Posted on in Beneficiaries

estate planning wishes, Illinois Estate Planning LawyerFamilies may find it uncomfortable discussing estate planning wishes with their loved ones. No one likes to consider the day when his or her parents will no longer be around. However, not discussing one's estate planning can have serious consequences. It is an all-too-common scenario when a person passes away—or becomes seriously incapacitated—without ever making important legal decisions.

If your elderly parents have not addressed these decisions, it is important to sit down with them and make plans to consult with an estate planning attorney to ensure their wishes are carried out. This is not always easy since parents often feel that these matters are private ones, even with their own children. They may also not want to make these plans because it reminds them of their own mortality. Yet keeping these factors in mind when approaching parents can help make the conversation easier.

One of the most important issues that should first be addressed are the plans regarding the care of your parents in the future. Questions such as whether or not the funds are available for them to live comfortably, as well as what plans are in place should long-term or permanent placement in a medical facility should become necessary, need to be answered. There should also be a medical directives in place, including someone appointed to make healthcare decisions should the need become necessary.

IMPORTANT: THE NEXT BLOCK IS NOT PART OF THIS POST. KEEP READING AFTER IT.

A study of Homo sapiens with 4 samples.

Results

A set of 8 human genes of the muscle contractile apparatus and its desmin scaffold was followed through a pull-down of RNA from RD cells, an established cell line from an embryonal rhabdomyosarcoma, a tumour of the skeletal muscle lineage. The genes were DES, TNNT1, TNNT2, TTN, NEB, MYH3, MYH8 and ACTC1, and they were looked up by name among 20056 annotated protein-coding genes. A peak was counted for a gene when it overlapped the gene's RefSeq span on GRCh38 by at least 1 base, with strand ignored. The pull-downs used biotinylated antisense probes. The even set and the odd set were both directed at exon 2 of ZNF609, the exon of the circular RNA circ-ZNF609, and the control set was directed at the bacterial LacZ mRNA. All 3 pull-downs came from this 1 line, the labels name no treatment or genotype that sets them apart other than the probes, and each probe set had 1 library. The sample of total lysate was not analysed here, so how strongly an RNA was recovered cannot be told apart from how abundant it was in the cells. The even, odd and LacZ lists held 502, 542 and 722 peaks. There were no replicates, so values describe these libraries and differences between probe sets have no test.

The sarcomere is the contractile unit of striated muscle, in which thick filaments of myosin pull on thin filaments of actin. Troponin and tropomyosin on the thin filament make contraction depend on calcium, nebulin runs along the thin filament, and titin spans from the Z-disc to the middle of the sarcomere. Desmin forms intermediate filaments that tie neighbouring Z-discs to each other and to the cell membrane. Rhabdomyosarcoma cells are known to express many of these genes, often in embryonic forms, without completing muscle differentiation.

Once you have established medical and future care decisions with your parents, it is also important to really understand what your parents' wishes are; not only for medical end-of-life decisions, but also how they want their assets and property divided once they have passed. Sit down with your parents and gather all account and asset information. Check on who is listed as beneficiaries and make sure that these are still the individuals of whom your parents want these items divided.

Your parents will need to decide on a power of attorney to handle their finances should they become incapacitated. This is different than the medical power-of-attorney, but it is just as important. At the very least, your parents should have a will in place and may also want to consider setting up trusts in order to help alleviate any tax consequences for which their beneficiaries may be responsible.

If you or your parents need to address estate planning wishes, please contact an experienced DuPage County estate planning attorney—the first step to ensuring that the correct documents are drawn up to protect your family's future.